Supporters and opponents of the proposal both say it could set a precedent for land use in rural counties.
The rezoning effort sets up a potentially major shift in how Oregon — known for its conservative land use laws — manages a growing population.
Some rural counties complain that Oregon’s laws that protect farms and forest lands are too restrictive. If this plan in Douglas County moves forward, it could set a precedent for counties that want to build on land currently set aside for farming.
“What we are trying to do is identify a way to provide a little more flexibility to more rural jurisdictions to allow land that is of low or no value to commercial farming or forestry to be used in an alternative method,” said Douglas County Planning Director Keith Cubic.
The county analyzed the acres in question and concluded that they’re not suitable for most types of farming.
“We looked at soils, viticultural (grazing) boundaries,” Cubic said. “All of those factors were put together before they were disqualifying features.”
That’s a claim disputed by Greg Holmes, food systems programs director for 1,000 Friends Of Oregon.
“This is the type of land where our cattle and hay production happens, where our wine grapes happen, and other high-value crops to the state of Oregon happen,” Holmes said. He pointed out there’s land with similar soil types and characteristics across the state.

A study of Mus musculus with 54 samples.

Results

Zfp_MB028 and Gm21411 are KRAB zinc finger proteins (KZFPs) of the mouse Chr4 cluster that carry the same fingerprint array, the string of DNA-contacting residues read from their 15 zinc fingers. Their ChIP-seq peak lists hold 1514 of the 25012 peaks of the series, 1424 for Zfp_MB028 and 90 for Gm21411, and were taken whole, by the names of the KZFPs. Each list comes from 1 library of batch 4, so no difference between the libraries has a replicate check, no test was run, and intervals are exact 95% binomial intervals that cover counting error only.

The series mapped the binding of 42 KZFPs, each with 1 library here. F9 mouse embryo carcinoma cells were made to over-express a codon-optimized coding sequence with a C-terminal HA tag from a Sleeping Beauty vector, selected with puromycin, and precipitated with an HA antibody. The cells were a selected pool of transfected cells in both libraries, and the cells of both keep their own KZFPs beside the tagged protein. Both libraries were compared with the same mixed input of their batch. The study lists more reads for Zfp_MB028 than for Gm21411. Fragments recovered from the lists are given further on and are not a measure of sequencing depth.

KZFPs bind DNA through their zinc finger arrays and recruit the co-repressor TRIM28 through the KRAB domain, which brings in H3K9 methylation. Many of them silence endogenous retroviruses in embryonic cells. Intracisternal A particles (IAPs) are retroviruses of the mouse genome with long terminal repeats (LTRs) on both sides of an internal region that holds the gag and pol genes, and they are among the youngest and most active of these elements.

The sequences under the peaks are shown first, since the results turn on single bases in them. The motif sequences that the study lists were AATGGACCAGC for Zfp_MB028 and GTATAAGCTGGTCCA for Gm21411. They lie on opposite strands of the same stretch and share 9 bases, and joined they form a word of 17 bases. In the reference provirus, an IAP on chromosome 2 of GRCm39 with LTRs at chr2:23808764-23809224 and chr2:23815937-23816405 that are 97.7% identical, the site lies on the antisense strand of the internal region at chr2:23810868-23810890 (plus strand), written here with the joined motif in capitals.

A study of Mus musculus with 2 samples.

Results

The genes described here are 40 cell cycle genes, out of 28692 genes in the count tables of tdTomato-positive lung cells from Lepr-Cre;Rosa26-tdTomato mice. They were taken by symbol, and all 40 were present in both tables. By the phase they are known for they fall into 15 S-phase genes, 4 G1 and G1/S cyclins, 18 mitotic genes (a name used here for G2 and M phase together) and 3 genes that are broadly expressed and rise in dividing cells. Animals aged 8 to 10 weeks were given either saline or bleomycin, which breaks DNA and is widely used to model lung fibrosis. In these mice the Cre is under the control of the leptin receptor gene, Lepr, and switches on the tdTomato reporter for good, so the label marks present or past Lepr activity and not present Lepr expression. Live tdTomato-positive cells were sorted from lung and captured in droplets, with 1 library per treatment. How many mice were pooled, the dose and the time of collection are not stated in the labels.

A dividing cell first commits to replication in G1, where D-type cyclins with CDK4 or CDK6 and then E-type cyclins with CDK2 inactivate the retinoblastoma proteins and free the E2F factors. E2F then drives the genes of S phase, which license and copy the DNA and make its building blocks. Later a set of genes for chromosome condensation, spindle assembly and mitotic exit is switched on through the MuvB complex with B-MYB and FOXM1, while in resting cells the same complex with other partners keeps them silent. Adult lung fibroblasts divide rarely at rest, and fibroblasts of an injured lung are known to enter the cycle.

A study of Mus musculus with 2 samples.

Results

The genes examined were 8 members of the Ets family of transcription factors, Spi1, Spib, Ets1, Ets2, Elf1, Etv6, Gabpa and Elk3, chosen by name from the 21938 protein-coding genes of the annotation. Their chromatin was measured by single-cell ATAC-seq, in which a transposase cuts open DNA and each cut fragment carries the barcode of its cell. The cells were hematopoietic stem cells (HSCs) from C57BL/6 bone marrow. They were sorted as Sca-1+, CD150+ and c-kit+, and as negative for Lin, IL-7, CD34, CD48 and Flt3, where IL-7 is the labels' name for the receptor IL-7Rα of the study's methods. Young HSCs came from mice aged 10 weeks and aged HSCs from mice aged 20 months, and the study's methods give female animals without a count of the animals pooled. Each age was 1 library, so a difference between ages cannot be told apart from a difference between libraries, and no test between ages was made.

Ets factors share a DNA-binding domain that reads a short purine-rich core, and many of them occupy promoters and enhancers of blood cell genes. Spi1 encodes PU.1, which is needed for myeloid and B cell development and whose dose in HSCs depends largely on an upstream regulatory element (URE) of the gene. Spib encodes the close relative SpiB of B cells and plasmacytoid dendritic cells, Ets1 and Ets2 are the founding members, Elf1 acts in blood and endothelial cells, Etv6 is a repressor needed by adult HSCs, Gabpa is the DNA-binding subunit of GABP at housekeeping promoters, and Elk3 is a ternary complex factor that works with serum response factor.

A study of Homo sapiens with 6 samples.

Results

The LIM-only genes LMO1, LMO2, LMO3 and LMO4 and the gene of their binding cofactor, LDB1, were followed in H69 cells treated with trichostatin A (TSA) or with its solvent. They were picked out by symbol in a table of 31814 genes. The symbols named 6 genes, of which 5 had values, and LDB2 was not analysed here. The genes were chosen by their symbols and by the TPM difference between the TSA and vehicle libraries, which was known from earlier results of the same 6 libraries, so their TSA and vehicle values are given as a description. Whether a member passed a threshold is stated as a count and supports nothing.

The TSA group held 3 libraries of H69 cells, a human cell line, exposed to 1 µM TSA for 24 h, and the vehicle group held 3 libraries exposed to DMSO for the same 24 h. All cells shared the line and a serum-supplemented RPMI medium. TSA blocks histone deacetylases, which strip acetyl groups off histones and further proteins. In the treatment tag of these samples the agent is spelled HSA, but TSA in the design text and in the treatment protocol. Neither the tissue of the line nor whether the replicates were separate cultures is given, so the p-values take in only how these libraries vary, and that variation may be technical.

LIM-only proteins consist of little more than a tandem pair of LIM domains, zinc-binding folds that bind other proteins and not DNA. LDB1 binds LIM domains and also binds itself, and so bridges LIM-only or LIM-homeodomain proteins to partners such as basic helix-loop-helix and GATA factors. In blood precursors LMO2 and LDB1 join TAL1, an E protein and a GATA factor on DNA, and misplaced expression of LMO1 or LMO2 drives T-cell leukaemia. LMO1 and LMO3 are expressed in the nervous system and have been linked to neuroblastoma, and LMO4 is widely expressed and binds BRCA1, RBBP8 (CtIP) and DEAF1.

“It may be relatively less productive than some other lands, but if we were to suddenly take this type of land and call it non-resource land anymore and then multiply that across all the counties across the state … we’re talking about hundreds of thousands of acres of agricultural lands,” Holmes said.
Supporters and opponents of the proposal both say it could set a precedent for land use in rural counties. And other counties are watching this process carefully.
County leaders from Deschutes and Jefferson counties in central Oregon submitted letters of support for the idea to Douglas County leaders.
“Deschutes County is interested in pursuing a similar program,” reads the letter signed by the county’s three commissioners. “We recognize that a subset of resource lands are not accurately designated in our region as well.”
The plan has also attracted the attention of Oregon’s Department of Land Conservation and Development. The agency flagged a number of concerns with the proposal in a letter to Douglas County.
Douglas County commissioners could approve the plan this week. But they may also delay the decision to allow for more public input.
If the initial plan is approved by the commissioners, the idea would still need to go through a legislative process or a quasi-judicial process before the land could actually be rezoned, Cubic said. While he expressed support for Oregon’s land-use system, he believes it could be more flexible.
“There’s land that’s neither farm nor forest that is not sufficiently addressed by the statewide planning program,” Cubic said. “So our focus is first on those lands.”